Our Baby Boy needed a cowboy outfit to wear to his birthday hoedown. I wanted to keep it simple and tasteful. I already had a pair of jeans, a plaid shirt, and a cowboy hat in Baby Boy's closet. But his outfit needed a little something to make it extra special - he was the birthday boy after all! So, I made him a vest out of cow-print fabric.
I want everyone to know I am NOT a seamstress - by any means. This cowboy vest was not perfect. It had wobbly seams, and the fabric pieces did not perfectly line up....OK that's not even the worst of it. To be honest, the final vest was actually my second attempt at the project. I may have accidentally sewn together the arm holes on the first vest. Like I said, I'm no seamstress!
That being said, the final product still looked cute. No one at the party was examining my sewing (as far as I know.) And remember, I made this vest for a kid who still likes eating dirt - perfect seams are not one of his top priorities.
So here's how I did it.
I couldn't find a free pattern for a vest, so I traced a suit vest that Baby Boy wore to a wedding. I wanted to get the general shape of a vest, but I made my vest longer than the suit vest. If you don't have a vest in your kid's closet, you could just trace a t-shirt and then cut it down the front to turn it into a vest. Just trace it a couple inches wider than the shirt to give enough fabric to create the two extra seams in the front.
I gave myself a one inch margin around the vest when I was tracing. This gave me enough space to sew the seams, and it helped to make sure I wasn't making the vest too tight.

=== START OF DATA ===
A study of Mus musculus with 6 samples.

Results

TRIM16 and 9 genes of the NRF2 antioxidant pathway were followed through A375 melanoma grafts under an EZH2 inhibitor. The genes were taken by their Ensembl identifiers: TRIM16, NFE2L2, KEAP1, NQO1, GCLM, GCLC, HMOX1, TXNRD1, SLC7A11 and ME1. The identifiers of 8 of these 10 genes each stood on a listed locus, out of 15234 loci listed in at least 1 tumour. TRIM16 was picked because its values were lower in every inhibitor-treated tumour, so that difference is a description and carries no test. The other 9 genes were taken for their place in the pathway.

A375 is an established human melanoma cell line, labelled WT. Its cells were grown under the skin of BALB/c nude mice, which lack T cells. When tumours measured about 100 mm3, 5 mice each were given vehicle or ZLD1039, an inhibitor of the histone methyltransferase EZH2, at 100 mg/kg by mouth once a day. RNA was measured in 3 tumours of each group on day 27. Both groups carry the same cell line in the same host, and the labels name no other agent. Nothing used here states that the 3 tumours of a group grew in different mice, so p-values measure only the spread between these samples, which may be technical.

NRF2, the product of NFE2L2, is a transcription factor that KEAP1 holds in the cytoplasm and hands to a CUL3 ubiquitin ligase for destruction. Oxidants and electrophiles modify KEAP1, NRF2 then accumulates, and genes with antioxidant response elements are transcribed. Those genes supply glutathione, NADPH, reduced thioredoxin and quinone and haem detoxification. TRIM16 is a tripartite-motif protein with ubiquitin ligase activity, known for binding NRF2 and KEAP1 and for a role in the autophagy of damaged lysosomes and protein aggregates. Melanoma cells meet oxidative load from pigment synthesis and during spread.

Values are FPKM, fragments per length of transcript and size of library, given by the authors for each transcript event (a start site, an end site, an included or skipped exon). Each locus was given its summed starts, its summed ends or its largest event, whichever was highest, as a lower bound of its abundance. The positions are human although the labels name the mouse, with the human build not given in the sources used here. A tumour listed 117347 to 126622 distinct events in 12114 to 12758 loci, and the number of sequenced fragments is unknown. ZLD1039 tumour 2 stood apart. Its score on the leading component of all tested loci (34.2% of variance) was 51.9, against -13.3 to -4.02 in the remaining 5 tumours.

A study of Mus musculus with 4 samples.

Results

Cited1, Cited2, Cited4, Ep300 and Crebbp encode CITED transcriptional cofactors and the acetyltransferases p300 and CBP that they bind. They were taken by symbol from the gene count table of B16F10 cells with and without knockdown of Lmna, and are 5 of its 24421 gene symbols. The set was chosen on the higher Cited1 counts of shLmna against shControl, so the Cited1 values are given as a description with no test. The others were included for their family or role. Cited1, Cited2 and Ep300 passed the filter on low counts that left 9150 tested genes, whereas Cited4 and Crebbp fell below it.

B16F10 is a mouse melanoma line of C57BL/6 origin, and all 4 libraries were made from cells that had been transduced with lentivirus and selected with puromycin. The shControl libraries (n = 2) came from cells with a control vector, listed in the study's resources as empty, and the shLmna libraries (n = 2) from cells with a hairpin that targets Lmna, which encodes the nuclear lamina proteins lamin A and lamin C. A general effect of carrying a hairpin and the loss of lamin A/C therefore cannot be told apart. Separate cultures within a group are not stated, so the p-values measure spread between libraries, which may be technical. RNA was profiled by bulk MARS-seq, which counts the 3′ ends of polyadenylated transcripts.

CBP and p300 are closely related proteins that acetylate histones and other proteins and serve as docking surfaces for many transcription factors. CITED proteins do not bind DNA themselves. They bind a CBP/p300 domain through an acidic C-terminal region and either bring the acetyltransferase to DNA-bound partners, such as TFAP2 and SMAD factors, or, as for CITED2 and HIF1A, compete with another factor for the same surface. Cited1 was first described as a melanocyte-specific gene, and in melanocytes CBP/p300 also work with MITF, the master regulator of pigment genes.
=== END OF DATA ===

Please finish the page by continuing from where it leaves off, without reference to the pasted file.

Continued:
I then cut out each of the pieces of the vest.
I pinned down the material along the arm holes (of both the front and back panels) and sewed those seams first. I tried to make the seams about a 1/2 inch.
I then did the same to the neck hole of the front and back panel. The neck area was definitely the most difficult part.
Then, I pinned the front and back panels together while they were still inside out. I sewed them together along the side and shoulder seam.
I don't know how a "real" sewer would do this, but I took the pins out as the machine got close to the pins because they were getting in my way.
The picture below shows the front panel attached to the back panel. I then pinned down the front seams (also shown in this picture) and sewed those.
The last seam to be sewn was the bottom seam.
The final project:
Making this vest actually didn't take me too long. It would have taken even less time if I hadn't accidentally sewn the arm holes together during my first go at it.
I think the moral of this blog is don't be afraid to do some simple sewing. Take a look at how something is sewn together, trace it, and try your best to put the pieces together. If you're making it for a child, they wont notice the imperfections. Cute babies can work any outfit!